4.5 out of 5 stars 78 customer reviews


Review

'Magnificent, vigorous, comprehensive, compulsive reading' DAILY TELEGRAPH *'Memorable history on a grand scale . . . brilliant . . . thrilling, fast moving, imaginative, coherent' INDEPENDENT *' A phenomenal achievement . . . clear, authoritative and compelling' William Boyd, DAILY TELEGRAPH *'Grim as well as gripping reading . . . Pakenham writes racily and humorously . . . a magnificent, swash buckling, blood-bolstered epic' OBSERVER

Book Description

*the full-scale story of the nineteenth-century imperial invasion of Africa

Product details

  • Format: Kindle Edition
  • File Size: 26331 KB
  • Print Length: 768 pages
  • Publisher: Abacus; New Ed edition (24 Sept. 2015)
  • Sold by: Amazon Media EU S.à r.l.
  • Language: English
  • ASIN: B013C9QZP4
  • Text-to-Speech: Enabled
  • X-Ray:
  • Word Wise: Enabled
  • Enhanced Typesetting: Not Enabled
  • Average Customer Review: 4.5 out of 5 stars 78 customer reviews
  • Amazon Bestsellers Rank: #120,529 Paid in Kindle Store (See Top 100 Paid in Kindle Store)

Top Customer Reviews

Format: Paperback Verified Purchase
The Scramble for Africa was a term coined to describe the great rush in the late 19tth Century by the European powers to claim a slice of the African continent. In a period of some 30 years the continent went from scattered European control (except at the Cape and on the North African coast) to be completely divided between Great Britain (receiving the Lion's share), France (the runner up with the bulk of North West Africa), Germany, Portugal and surprisingly Belgium. The Europeans would hold onto their territories for only a short period (most were out of Africa by the early 1960s) yet in that time, they shaped the fate of the continent, which is being felt now and for many years to come.

While over 20 years old, this book may be the definitive guide for the topic. Thomas Parkenham's work goes into great detail, but not in a dry way, looking at the not just the scramble, but also at events leading up to it over different time periods. The book is broken into 4 parts, the situation in Africa before the scramble begins, the start of the actual scramble lading up to the Conference of Berlin of 1885 where rules were put into place to govern the allocation of territory from the African cake(though these rules were not enforced) and where Leopold of Belgium managed to manipulate the great powers and had his possessions in the Congo (over 1 million square miles!) ratified. The next section deals with the main land grab of Africa and then the last main part shows the resistance to the European powers and the reform efforts that were undertaken by said Powers.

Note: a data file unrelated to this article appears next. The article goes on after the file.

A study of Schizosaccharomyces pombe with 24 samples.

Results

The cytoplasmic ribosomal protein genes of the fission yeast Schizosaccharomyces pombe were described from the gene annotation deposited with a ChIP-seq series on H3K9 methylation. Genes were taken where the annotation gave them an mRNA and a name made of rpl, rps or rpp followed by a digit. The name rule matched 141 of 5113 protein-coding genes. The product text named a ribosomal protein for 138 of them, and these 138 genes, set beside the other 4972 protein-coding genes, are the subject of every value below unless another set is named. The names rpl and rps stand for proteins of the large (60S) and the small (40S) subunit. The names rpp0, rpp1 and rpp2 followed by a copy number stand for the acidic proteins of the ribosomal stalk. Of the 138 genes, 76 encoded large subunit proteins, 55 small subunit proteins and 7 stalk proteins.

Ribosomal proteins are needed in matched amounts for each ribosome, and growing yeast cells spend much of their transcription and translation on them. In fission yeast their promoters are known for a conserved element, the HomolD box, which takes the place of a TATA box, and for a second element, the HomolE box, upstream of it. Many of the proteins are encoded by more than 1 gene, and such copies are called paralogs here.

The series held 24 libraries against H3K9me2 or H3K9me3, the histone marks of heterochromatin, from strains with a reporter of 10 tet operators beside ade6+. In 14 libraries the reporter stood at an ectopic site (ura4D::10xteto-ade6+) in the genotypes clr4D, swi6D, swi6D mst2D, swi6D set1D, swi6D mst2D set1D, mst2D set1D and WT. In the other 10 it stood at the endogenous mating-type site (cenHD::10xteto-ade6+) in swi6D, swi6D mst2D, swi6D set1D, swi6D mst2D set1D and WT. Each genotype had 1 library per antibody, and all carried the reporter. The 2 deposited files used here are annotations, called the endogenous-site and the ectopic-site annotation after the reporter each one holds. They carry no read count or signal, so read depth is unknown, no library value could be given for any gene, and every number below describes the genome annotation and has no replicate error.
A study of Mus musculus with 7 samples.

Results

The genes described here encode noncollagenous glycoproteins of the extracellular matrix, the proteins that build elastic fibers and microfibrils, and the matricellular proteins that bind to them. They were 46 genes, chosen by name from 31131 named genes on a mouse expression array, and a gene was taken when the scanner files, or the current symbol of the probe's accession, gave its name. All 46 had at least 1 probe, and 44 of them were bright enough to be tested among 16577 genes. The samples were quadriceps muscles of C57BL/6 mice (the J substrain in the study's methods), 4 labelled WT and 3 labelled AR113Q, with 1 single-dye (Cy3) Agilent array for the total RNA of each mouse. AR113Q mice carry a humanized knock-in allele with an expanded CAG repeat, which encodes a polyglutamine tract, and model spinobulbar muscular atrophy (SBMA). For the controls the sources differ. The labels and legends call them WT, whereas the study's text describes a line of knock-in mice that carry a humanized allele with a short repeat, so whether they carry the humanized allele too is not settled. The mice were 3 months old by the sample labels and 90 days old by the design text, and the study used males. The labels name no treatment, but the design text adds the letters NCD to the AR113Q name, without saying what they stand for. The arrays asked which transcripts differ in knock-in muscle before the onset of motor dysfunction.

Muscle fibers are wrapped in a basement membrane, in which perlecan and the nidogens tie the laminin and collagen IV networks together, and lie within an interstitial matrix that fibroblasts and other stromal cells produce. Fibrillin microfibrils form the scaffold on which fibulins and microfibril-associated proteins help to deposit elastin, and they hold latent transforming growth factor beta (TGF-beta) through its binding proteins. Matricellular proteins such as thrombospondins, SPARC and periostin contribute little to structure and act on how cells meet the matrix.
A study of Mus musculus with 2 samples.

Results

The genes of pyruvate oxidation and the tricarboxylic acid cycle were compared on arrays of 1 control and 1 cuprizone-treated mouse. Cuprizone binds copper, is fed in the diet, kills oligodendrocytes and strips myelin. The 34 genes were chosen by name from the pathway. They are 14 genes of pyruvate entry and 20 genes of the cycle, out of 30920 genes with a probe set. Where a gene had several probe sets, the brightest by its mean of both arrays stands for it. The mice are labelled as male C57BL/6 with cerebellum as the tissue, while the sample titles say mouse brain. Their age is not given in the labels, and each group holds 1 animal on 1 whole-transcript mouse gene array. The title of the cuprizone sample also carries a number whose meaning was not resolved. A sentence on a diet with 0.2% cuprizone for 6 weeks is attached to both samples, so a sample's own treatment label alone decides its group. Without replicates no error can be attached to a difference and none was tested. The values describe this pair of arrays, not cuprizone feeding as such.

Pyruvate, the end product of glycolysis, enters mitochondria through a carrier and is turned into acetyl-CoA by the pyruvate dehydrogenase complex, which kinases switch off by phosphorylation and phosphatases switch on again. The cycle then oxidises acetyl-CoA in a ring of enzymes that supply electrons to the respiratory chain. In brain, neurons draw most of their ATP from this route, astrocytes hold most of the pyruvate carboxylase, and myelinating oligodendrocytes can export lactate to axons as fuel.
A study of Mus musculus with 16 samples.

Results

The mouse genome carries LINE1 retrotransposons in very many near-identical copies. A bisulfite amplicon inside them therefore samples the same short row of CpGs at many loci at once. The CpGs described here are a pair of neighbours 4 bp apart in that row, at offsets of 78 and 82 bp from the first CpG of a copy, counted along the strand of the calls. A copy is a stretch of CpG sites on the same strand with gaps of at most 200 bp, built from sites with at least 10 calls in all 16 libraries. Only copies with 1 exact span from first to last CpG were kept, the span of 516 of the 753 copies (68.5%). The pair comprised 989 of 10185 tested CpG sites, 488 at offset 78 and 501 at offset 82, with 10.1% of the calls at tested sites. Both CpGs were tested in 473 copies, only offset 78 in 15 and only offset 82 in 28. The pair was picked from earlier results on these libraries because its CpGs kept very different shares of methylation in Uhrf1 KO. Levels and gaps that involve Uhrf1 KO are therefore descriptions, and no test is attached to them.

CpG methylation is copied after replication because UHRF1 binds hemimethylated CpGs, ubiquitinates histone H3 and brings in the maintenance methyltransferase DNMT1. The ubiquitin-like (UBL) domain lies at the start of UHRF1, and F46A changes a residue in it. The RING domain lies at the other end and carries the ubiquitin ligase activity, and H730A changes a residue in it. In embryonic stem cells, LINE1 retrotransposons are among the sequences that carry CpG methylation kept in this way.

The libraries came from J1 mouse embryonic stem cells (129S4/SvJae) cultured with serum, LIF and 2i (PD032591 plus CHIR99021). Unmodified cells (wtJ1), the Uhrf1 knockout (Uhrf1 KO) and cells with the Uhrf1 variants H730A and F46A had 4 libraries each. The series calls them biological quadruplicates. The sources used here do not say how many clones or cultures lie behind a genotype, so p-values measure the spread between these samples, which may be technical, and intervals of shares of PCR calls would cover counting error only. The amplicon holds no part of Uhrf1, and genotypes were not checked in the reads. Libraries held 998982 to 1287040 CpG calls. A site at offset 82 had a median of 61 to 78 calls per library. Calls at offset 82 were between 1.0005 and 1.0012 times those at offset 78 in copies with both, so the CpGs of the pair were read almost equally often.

THE AUTHOR THOMAS PAKENHAM HAS THE KNACK OF JOINING SEPARATE HISTORICAL EVENTS INTO A SEAMLESS NARRATIVE AND HIS WRITING STYLE IS VERY READABLE. ALTHOUGH I AM ONLY 80 PAGES INTO THE 700 PAGE BOOK (WITH A VERY SMALL FONT SIZE) IT IS A MOST INFORMATIVE AND ENJOYABLE READ, APART FROM THE HARD LESSON OF LEARNING HOW THE EUROPEANS TREATED THE INDIGINOUS AFRICANS.
A very interesting book. A detailed vision of the scramble but unfortunatelly only from the british point of view. As an example of this the important portuguese territories are completelly ignored. Anyway a fascinating reading.
An amazing book that everybody should read. The awful, tragic history of a great continent with its fabulous peoples. The Europeans committed horrendous crimes and the African people are still suffering the consequences.
I've trudged on through this tome and at times it's very good but after about half way I got bored with the political machinations and endless names and places, which didn't seem to fit very well with the last chapter etc.
It could've been condensed into say 400 pages. A glossary of names would have helped.
Maybe it shouldn't be read in one go as it gets too stodgy?!
But it has inspired me to find out more about Africa generally.
This is a very well written book covering an often-neglected (and rarely taught) era of history and area of the world.
It covers the era at the end of the 19thC when the european powers started carving up africa and attempts to answer some of the questions about why nations did this (the answer, it seems, is to stop others getting there first), and how.
Some of the detail is wonderful and you are struck by how much research Pakenham must have done. Unfortunately, in trying to cover a whole continent, Pakenham does tend to focus on the british angle and the big events at the expense of other nations, so there's a lot about the Belgian Congo, South Africa, Uganda, Kenya, Tanzania, Sudan and Nigeria - but you're left wondering about the likes of Liberia, Libya, Senegal and others.
No one comes out particularly well, and towards the end there are some real horror stories. This is as much a lesson in politics as history, and essential reading about an area we should know more about already.
Great un-put-downable book.makes an Englishman pine for the good old days
If you are hesitating in buying this book - don't. BUY IT NOW. It is a true labour of love written (if I recall correctly)after 10 years of research. It is extremely well-written and one of the best historical accounts I have ever read. Despite covering a relatively long period of time and an enormous geographical area (not just Africa but the politics of Europe) the author manages to bring it all together elegantly and accessibly. Time spent reading this book is a real pleasure.